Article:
The Tears of St. Peter (1580/1589) by Domenikos Theotokopoulos El GrecoThe Bowes Museum
Painted in 1580's, this is the first of several versions of the subject by El Greco. It came from the collection of Conde de Quinto and was purchased by John Bowes in 1869 for 200 francs (about £8).
The Rape of Helen (1533/1570) by Circle of Francesco PrimaticcioThe Bowes Museum
Primaticcio was an Italian Mannerist artist who worked at the French Court of Fontainebleau for King Francois I. For Mannerist painters, deliberately exaggerated colour combinations, & elongated limbs were features of their style.
The Nativity (1639/1639) by Jacques StellaThe Bowes Museum
This classical picture depicts the quiet moment of wonder shared by Mary and Joseph at the birth of Christ.
Cardinal Pietro Ottoboni (1700/1700) by Francesco TrevisaniThe Bowes Museum
Pietro Ottoboni, the subject of this portrait, became a cardinal in 1689. He was the most important patron of the arts in early 18th century Rome, gathering about him the most prominent musicians, writers and artists of his day.
The Bucintoro returning to the Molo on Ascension Day after the Ceremony of Wedding the Adriatic (1730/1735) by Giovanni Antonio Canal CanalettoThe Bowes Museum
This painting and its pendant were painted in the 1730s and are among the six largest known paintings by Canaletto. In this image we can see the Bucintoro returning to the quayside in front of the Doge's Palace, Venice.
Prison Interior (1793/1794) by Francisco GoyaThe Bowes Museum
One of the best known of the museums pieces is Goya’s Prison Scene. Painted under the stimulus of the events of the Peninsular War, Goya developed into the leading painter of his age.
Gibside from the North (1817/1817) by Joseph Mallord William TurnerThe Bowes Museum
The collection holds four Turner paintings, two of which depict Gibside. Gibside Estate had been part of Bowes estate since the early 18th century.
Portrait of Olivia Boteler Porter (1630/1640) by Anthony Van DyckThe Bowes Museum
Mowers (1860/1869) by Charles-Émile JacqueThe Bowes Museum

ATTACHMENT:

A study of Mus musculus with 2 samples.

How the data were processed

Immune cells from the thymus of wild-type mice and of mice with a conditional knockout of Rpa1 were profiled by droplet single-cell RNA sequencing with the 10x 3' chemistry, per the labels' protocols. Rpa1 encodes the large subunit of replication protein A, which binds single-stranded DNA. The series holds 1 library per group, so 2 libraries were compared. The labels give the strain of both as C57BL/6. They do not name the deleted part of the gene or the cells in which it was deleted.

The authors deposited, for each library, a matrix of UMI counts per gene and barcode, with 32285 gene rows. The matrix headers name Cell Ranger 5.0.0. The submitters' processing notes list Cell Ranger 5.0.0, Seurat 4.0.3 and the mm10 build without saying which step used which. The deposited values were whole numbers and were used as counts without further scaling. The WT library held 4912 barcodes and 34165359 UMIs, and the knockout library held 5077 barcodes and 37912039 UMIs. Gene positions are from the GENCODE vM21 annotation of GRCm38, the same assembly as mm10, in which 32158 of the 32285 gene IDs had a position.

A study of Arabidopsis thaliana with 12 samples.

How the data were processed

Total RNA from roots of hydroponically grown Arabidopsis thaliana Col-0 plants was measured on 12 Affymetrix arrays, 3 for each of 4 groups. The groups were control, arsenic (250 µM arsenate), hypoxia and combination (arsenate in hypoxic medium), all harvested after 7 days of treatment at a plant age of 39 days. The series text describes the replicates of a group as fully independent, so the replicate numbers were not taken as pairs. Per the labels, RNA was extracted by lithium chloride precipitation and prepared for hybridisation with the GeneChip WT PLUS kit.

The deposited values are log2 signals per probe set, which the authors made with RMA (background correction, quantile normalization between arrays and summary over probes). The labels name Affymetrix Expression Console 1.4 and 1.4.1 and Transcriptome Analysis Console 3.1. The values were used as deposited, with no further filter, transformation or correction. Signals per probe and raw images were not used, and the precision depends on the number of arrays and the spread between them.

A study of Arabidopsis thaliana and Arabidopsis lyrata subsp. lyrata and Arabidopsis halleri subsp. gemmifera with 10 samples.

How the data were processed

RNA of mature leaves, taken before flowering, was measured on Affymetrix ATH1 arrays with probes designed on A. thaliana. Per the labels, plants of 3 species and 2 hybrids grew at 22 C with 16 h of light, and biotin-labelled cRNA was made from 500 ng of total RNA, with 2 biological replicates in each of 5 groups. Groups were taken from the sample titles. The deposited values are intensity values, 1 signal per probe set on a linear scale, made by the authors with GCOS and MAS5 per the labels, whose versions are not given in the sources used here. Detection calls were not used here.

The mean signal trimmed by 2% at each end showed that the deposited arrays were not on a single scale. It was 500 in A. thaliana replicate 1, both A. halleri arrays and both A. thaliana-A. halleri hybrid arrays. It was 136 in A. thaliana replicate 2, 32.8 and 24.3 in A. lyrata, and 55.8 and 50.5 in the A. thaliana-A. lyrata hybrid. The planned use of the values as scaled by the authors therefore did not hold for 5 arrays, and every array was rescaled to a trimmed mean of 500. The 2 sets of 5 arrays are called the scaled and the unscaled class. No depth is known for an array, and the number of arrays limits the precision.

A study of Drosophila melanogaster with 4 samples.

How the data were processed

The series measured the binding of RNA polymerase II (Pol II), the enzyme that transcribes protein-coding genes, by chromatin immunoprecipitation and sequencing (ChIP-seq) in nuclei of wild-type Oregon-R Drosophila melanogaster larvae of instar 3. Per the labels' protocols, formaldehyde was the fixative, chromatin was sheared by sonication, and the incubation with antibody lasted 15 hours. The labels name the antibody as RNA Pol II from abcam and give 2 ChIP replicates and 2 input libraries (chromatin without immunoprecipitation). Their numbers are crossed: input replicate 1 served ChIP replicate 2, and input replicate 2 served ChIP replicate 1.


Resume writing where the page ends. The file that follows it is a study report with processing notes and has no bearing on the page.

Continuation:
Jacque a distinguished member of the Barbizon school, was fascinated with the effects of light on the landscape and often painted rustic pastoral scenes.
Beach scene at low tide (1867/1867) by Eugene-Louis BoudinThe Bowes Museum
Boudin produced many works depicting the French coastline and this scene is a typical example of his later work, in which urban tourists are portrayed in small groups along the beach.
Landscape with figures and goats (1826/1866) by Adolphe-Joseph-Thomas Monticelli The Bowes Museum
Mercury and Argus (1793/1793) by Pierre-Henri de ValenciennesThe Bowes Museum
This landscape of a crisp, sunbathed classical landscape inspired by Greece and Italy proves a worthy setting for the deeds of gods and heroes.
After the thunderstorm (1817/1817) by Achille-Etna MichallonThe Bowes Museum
This painting depicts a rocky wooded landscape with three male peasants discovering the body of a woman which has been struck by lightning.
Fruit and Flowers (1866/1866) by Henri Fantin-LatourThe Bowes Museum
Barnard Castle (1788/1788) by Thomas HearneThe Bowes Museum
Girtin was an English painter and a close friend and adversary of J M W Turner. Both are highly regarded landscapists of the period, and this work was painted during one of Girtin's sketching tours of the North of England
The Triumph of Judith (1701/1705) by Luca GiordanoThe Bowes Museum
This scene depicts the biblical story of Judith and Holofernes found in the Old Testament. Giordano made numerous preparatory oil sketches such as this one for frescoes and the decorations for the Certosa di San Martino in Naples.
The Harnessing of the Horses of the Sun (1731/1731) by Giovanni Battista TiepoloThe Bowes Museum
Tiepolo depicts Helios trying to dissuade Phaethon from riding across the sky, as horses are harnessed to the golden chariot. He has also included the marble columns of Apollo’s palace.
A Miracle of the Eucharist (1423/1426) by Stefano di Giovanni SassettaThe Bowes Museum
Sassetta was commissioned to create this piece for the feast of Corpus Christi. A Carmelite lay-brother, about to receive communion sacrilegiously, has been struck dead.
Allegory of Innocence and Guile (1520/1574) by Maerten Van HeemskerckThe Bowes Museum
The subject of the painting is a personification of a verse from St. Matthew's Gospel (Chapter 10, verse 16) 'Be ye, therefore, wise as serpents and harmless as doves'.
Dutch men-of-war at anchor (1650/1650) by Simon de VliegerThe Bowes Museum
Reading lesson in a convent (1810/1810) by Francois-Marius GranetThe Bowes Museum
A young girl is reading for an elderly nun, while a young nun looks on attentively and solicitously. Granet's treatment of the subject creates an air of stillness, calm and order.
Self-portrait (1847/1847) by Francois-Saint BonvinThe Bowes Museum
Bonvin was a leading Realist artist the mid-to-late nineteenth century. He executed this self-portrait early in his career when he had only just begun to experiment with painting in oil.
Breakfast Piece (1614/1614) by Jacob van HulsdonckThe Bowes Museum
Jacob Van Hulsdonck became a master of still life painting. His work often features arrangements of fruit, generally including brightly coloured plums, grapes and peaches
Still life with Asparagus, Artichokes, Lemons and Cherries (1500/1599) by Blas de LedesmaThe Bowes Museum
At the centre of this highly stylised still life is a finely woven basket which Ledesma used many times.